Once meetings have become more outcome-focused and the time is being managed explicitly, there are several other guidelines that can be implemented in order to maintain a strong focus on outcomes. None of these are essential, but all will serve to increase meeting effectiveness:
- When the purpose of the meeting is clear and the criteria for successful achievement have been defined, the people most critical for its success should be the only ones invited, rather than everyone on a standard list.
- Ensure that papers that should be read before the meeting are delivered in sufficient time for them to be read. Assume that all papers have been read by all attendees. If a paper has not been read by one of the team members, that person cannot prolong the discussion by ‘busking’. (Conversely if a team member has nothing to contribute on a subject they don’t need to read the papers – but must stay silent).
- If accepted at all, ‘Any Other Business’ should be declared (along with desired outcomes) at the start of the meeting, timing estimates provided, and the items incorporated into the timings for the whole meeting. If new papers are tabled, sufficient time for reading them needs to be allocated too.
- Be prepared to defer an item until a future meeting if there is insufficient time available and everything else on the agenda is sufficiently important to justify the time allocated to it.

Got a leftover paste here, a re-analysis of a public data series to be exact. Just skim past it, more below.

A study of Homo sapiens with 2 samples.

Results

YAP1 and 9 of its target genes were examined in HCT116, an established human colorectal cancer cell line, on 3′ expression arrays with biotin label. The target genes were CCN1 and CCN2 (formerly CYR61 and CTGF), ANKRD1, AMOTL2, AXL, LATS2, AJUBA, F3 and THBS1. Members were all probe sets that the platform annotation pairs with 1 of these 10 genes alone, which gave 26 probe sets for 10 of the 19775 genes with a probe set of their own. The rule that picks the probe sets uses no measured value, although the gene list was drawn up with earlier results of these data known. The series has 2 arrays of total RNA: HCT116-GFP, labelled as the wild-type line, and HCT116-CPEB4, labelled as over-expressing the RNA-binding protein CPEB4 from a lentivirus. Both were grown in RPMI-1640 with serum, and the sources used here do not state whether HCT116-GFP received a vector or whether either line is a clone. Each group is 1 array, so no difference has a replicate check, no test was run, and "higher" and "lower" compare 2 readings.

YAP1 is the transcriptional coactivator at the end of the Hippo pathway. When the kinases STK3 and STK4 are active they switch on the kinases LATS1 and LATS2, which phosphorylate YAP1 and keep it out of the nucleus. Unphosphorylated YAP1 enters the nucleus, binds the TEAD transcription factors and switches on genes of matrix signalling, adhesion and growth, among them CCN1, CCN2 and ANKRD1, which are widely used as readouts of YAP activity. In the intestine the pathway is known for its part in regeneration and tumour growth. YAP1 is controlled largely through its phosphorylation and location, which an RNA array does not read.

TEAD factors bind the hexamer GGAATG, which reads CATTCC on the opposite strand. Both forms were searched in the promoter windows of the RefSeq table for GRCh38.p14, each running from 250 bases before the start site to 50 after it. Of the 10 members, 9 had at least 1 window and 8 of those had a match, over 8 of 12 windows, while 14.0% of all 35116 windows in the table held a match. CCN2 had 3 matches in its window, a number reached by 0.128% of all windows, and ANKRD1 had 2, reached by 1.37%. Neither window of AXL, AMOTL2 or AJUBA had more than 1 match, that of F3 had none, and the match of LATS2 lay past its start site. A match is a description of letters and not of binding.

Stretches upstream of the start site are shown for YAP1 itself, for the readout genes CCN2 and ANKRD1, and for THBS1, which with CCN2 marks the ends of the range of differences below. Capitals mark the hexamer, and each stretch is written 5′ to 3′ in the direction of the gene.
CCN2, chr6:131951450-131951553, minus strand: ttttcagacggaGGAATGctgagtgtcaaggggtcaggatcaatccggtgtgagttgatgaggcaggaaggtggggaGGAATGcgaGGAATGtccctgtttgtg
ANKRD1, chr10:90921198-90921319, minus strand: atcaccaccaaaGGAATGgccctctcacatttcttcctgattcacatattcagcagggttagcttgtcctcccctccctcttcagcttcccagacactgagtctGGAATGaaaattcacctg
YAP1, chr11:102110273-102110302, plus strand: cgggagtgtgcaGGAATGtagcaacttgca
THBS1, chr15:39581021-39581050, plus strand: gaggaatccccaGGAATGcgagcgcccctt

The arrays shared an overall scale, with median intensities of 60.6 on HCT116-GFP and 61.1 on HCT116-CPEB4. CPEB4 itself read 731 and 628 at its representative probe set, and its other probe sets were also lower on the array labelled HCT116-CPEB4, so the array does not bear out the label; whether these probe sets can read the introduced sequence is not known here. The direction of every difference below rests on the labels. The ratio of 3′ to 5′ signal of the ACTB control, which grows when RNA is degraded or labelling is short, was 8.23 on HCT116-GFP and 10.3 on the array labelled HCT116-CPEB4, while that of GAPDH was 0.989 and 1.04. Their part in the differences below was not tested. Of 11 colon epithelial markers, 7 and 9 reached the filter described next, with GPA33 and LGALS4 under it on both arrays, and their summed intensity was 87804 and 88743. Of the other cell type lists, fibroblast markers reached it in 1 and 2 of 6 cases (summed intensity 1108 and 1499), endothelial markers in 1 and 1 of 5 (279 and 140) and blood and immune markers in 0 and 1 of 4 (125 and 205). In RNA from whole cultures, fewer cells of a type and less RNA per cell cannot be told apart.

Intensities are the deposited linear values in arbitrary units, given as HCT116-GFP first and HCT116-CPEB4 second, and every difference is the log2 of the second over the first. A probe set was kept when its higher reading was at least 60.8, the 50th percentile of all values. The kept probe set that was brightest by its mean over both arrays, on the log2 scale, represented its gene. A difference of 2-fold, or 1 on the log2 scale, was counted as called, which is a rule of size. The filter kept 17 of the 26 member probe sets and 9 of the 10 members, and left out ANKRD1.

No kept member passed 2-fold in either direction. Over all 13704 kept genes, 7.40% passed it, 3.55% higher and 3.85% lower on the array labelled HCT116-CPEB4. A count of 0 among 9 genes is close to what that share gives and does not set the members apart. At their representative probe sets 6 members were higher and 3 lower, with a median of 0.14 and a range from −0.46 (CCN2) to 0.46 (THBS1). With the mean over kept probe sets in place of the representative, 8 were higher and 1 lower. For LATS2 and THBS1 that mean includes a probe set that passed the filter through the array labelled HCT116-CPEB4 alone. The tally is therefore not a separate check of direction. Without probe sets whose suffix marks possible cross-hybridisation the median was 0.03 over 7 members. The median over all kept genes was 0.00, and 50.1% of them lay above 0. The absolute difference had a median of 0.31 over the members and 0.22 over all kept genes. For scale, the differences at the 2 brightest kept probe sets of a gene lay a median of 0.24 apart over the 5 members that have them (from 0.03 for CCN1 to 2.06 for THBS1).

- Take regular time-outs are to check progress and appropriateness of what’s going on. The underlying question is: “Is what we’re doing right now taking us closer to achieving our desired outcome?” A quick “how are we doing?” from the chair will usually provide sufficient evidence to stop/change/continue a discussion.
- If all else fails, and it is essential, plan to extend the total time for the meeting – but do this as early as possible so that people know how long they will be required for.
- Ensure that any conclusions reached and specific actions allocated are recorded with names and time criteria.
- Consider whether the meeting can be held either without a table or with participants standing. This approach works particularly well with project related meetings.